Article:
Sun Rating: 3 1/2 out of 5
Joni Mitchell has never been the retiring sort -- personally or professionally. So it's no surprise that five years after she vowed to quit the music business, the mercurial musical icon is back with a new album. Nor should we be shocked that it's another opinionated effort from the always-outspoken singer-songwriter.
The Iraq war and the Catholic Church, real estate developers and environmental polluters, Wall Street and Las Vegas; on the 10-song Shine, Mitchell rails against them all -- and more. So many more in fact, that by the time she gets down to kvetching about drivers who pass on the right while talking on cellphones, she sounds less like a folk legend and more like your cranky aunt.
Still, it's harder to complain about the music. Picking up where she left off on 1998's Taming the Tiger -- her last album of new material -- Mitchell handles most of the instruments herself on these mellowly sophisticated jazz-pop compositions. And so what if the 63-year-old vocalist is starting to show her age? In these dark days of Britney, we desperately need female artists baring their souls instead of their crotches.
As long as she's up for the job, it's hers.
One Week Last Summer 4:59
Mitchell warms up with a graceful instrumental waltz -- though the interplay of wistful piano chords, keyboard washes and sax sounds a little like something you'd hear while on hold.
This Place 3:54
Joni unveils her finely sanded pipes on this environmental number, complaining that "Money makes the trees come down" over an acoustic guitar backdrop sweetened with shimmery slide and horns.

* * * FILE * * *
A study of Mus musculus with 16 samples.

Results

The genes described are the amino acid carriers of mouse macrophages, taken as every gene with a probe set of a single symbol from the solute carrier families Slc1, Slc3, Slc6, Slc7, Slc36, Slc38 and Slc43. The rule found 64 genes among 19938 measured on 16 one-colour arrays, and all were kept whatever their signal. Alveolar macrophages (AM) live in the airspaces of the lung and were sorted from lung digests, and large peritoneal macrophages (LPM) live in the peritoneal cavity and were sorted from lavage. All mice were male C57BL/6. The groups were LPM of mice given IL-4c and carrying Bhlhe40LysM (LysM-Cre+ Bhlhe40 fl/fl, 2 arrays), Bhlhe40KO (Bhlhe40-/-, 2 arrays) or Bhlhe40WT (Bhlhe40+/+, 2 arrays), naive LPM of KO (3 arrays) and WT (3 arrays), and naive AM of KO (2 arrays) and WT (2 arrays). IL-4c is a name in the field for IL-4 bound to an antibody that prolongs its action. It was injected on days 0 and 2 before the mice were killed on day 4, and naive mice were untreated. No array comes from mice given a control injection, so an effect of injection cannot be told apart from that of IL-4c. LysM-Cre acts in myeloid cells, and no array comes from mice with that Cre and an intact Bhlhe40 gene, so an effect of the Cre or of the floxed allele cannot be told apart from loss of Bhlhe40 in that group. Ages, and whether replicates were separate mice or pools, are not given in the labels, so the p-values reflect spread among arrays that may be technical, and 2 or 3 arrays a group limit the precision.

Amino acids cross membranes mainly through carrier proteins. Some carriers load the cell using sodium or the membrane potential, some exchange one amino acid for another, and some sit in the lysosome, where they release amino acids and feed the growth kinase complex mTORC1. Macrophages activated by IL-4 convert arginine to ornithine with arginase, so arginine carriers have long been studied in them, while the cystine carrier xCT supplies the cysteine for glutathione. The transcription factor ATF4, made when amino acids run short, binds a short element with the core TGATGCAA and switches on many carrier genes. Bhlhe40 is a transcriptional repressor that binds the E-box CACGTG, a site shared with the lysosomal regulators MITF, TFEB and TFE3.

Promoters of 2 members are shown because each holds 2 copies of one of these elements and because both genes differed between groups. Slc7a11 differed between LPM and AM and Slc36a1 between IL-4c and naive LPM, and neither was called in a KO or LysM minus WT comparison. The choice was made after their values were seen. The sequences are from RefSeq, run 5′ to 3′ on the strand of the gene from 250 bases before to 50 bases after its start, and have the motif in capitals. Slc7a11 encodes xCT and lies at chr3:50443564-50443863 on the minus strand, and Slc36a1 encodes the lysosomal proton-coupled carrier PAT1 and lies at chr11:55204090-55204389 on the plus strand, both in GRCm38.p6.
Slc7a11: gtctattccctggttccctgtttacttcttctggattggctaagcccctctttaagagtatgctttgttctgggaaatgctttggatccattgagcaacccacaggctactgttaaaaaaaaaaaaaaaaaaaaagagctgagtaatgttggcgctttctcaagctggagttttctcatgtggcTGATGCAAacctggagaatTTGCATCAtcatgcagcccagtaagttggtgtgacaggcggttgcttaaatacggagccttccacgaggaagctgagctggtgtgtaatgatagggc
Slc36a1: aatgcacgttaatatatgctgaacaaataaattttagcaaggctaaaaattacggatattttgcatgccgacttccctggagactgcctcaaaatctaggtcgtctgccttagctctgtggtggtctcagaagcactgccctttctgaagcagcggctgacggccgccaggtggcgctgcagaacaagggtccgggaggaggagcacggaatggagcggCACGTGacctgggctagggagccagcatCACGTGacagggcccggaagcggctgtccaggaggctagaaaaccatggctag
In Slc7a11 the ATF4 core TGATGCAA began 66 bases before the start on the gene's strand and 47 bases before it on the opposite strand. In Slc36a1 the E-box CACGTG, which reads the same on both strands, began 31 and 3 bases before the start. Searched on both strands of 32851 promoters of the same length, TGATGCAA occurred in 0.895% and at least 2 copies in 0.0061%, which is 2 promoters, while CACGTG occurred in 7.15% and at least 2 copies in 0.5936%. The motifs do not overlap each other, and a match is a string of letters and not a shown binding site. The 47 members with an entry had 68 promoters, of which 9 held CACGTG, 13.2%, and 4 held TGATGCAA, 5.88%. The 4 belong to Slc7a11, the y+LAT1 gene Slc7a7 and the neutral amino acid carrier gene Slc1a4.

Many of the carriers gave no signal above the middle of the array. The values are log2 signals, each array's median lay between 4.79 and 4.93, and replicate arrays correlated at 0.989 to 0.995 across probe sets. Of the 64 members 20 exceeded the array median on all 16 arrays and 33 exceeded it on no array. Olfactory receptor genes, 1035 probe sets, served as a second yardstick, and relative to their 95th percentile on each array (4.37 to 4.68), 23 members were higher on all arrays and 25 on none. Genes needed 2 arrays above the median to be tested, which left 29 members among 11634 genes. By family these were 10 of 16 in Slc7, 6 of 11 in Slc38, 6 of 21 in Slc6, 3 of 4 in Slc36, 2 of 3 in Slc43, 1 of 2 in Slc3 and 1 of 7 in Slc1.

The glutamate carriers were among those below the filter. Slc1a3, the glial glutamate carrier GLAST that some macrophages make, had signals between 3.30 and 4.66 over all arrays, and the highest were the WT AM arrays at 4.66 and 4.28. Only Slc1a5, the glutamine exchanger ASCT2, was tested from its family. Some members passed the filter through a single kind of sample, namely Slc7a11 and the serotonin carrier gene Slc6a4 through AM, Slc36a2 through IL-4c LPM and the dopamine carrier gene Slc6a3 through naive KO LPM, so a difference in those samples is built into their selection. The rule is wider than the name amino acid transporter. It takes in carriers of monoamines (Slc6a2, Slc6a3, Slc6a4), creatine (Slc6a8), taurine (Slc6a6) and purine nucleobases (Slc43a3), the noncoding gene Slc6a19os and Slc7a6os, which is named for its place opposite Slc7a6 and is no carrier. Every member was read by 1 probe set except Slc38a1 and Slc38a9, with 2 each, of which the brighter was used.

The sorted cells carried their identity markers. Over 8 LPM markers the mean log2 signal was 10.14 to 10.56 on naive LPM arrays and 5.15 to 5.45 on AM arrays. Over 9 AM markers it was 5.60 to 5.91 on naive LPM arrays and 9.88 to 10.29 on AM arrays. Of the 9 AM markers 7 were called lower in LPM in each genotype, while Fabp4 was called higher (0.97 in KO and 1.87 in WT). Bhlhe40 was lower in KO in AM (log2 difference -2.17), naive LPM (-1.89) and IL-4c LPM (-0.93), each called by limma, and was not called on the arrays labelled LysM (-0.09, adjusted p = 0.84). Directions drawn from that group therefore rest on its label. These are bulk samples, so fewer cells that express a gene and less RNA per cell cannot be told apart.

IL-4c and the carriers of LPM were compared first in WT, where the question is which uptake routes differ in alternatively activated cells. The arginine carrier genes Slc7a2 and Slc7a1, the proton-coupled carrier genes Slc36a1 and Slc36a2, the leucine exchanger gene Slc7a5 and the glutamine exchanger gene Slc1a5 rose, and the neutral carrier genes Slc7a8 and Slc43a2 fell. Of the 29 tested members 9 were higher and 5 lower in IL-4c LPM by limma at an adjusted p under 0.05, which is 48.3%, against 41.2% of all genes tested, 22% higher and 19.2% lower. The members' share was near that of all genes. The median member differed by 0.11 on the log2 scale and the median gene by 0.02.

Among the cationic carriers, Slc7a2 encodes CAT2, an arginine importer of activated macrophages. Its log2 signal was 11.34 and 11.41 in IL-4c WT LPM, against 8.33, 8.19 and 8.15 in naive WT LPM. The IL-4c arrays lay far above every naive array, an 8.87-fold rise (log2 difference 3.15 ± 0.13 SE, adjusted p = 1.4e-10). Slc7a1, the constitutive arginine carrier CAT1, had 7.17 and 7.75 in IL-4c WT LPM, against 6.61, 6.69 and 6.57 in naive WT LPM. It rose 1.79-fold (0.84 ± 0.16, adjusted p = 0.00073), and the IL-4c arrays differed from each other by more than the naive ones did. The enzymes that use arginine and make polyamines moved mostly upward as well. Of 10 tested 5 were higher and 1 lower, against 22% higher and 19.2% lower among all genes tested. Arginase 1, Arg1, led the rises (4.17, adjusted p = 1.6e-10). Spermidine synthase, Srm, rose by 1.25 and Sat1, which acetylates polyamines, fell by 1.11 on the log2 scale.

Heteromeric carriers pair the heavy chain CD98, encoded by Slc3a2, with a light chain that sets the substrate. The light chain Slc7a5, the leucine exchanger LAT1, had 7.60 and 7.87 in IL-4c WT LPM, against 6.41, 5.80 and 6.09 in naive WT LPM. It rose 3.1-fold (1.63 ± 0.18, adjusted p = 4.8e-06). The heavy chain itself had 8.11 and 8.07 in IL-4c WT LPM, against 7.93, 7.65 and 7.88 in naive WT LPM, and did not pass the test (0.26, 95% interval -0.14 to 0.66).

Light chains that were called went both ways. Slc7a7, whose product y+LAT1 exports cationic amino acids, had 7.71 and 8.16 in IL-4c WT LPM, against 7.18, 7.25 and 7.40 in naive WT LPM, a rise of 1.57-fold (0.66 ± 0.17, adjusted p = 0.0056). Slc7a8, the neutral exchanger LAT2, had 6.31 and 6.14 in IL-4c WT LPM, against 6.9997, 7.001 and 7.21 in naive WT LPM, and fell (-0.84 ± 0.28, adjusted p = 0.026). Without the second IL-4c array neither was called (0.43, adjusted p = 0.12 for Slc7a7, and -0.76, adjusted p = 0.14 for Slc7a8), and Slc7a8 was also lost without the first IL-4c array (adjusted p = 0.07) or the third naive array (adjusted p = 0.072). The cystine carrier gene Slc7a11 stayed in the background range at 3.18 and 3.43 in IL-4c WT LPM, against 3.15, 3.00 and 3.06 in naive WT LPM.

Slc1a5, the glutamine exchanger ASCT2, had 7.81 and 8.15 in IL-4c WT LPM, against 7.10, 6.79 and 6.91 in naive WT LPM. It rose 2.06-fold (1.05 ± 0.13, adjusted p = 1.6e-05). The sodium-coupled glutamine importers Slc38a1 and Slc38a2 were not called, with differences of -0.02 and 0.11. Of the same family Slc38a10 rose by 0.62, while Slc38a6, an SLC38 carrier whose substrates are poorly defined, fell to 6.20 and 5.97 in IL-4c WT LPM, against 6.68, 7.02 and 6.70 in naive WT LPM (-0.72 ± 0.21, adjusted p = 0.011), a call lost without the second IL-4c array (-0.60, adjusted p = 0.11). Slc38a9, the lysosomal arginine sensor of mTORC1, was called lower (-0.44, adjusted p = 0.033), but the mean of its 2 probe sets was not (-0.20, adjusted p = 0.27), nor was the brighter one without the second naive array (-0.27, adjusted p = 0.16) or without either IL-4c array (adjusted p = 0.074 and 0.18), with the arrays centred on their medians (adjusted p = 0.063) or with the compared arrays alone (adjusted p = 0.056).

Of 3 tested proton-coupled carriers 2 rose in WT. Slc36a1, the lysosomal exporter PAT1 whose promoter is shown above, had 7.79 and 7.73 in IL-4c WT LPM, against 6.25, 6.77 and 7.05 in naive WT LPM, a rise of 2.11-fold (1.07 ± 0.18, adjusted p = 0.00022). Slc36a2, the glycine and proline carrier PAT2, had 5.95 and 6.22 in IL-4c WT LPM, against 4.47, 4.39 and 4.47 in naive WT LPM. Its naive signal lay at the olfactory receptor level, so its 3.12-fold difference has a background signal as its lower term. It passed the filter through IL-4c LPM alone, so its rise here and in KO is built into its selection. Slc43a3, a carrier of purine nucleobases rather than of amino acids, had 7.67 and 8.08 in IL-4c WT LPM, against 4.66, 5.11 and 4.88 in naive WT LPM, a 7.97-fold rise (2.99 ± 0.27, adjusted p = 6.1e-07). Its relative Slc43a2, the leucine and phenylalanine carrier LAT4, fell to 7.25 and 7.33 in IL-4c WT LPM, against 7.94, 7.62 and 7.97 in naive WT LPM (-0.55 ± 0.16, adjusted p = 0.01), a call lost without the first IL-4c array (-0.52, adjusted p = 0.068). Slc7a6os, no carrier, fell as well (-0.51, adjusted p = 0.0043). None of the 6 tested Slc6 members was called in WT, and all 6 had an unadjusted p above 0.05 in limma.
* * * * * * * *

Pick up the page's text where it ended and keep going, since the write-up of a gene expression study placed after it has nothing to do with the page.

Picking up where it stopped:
If I Had a Heart 4:04
"Holy war, genocide, suicide, hate and cruelty ... If I had a heart, I'd cry," croons Mitchell on this bleak ballad. The suitably sombre piano melody and synths are offset by a drum-machine beat straight from your granny's Hammond organ.
Exotic meets electronic on this groovy cut, which sets didgeridoo and saxophone against a lightly clattery funk groove and bursts of crunchy noise.
Bad Dreams 5:41
A study in contrasts -- while Joni tries to rouse us from our oblivious self-indulgence and save the planet, the gently flowing piano-and-sax undercurrents soothe us into complacency.
Big Yellow Taxi 2007 2:47
Mitchell gives her '70s classic an edgy, stylish makeover with scrapier guitars, accordion and a lilting groove that join in a syncopated jigsaw puzzle of rhythm.
Night of the Iguana 4:38
Another juxtaposition of ethnology and technology, with lush keyboard waves set to a propulsive Latin groove -- and some surprisingly searing electric guitar licks.
Strong and Wrong 4:04
Some people believe might is right. Mitchell isn't one of them, as this moody, textured piano-ballad makes clear.
To the sweet-dream strains of another gently drifting synth ballad, Joni reads off her long laundry list of offences and offenders, praying for some illumination in the darkness.
Rudyard Kipling and jazz fusion may make strange bedfellows -- but Mitchell marries them rather seamlessly in this mellow groove topped with lyrics adapted from the classic poem.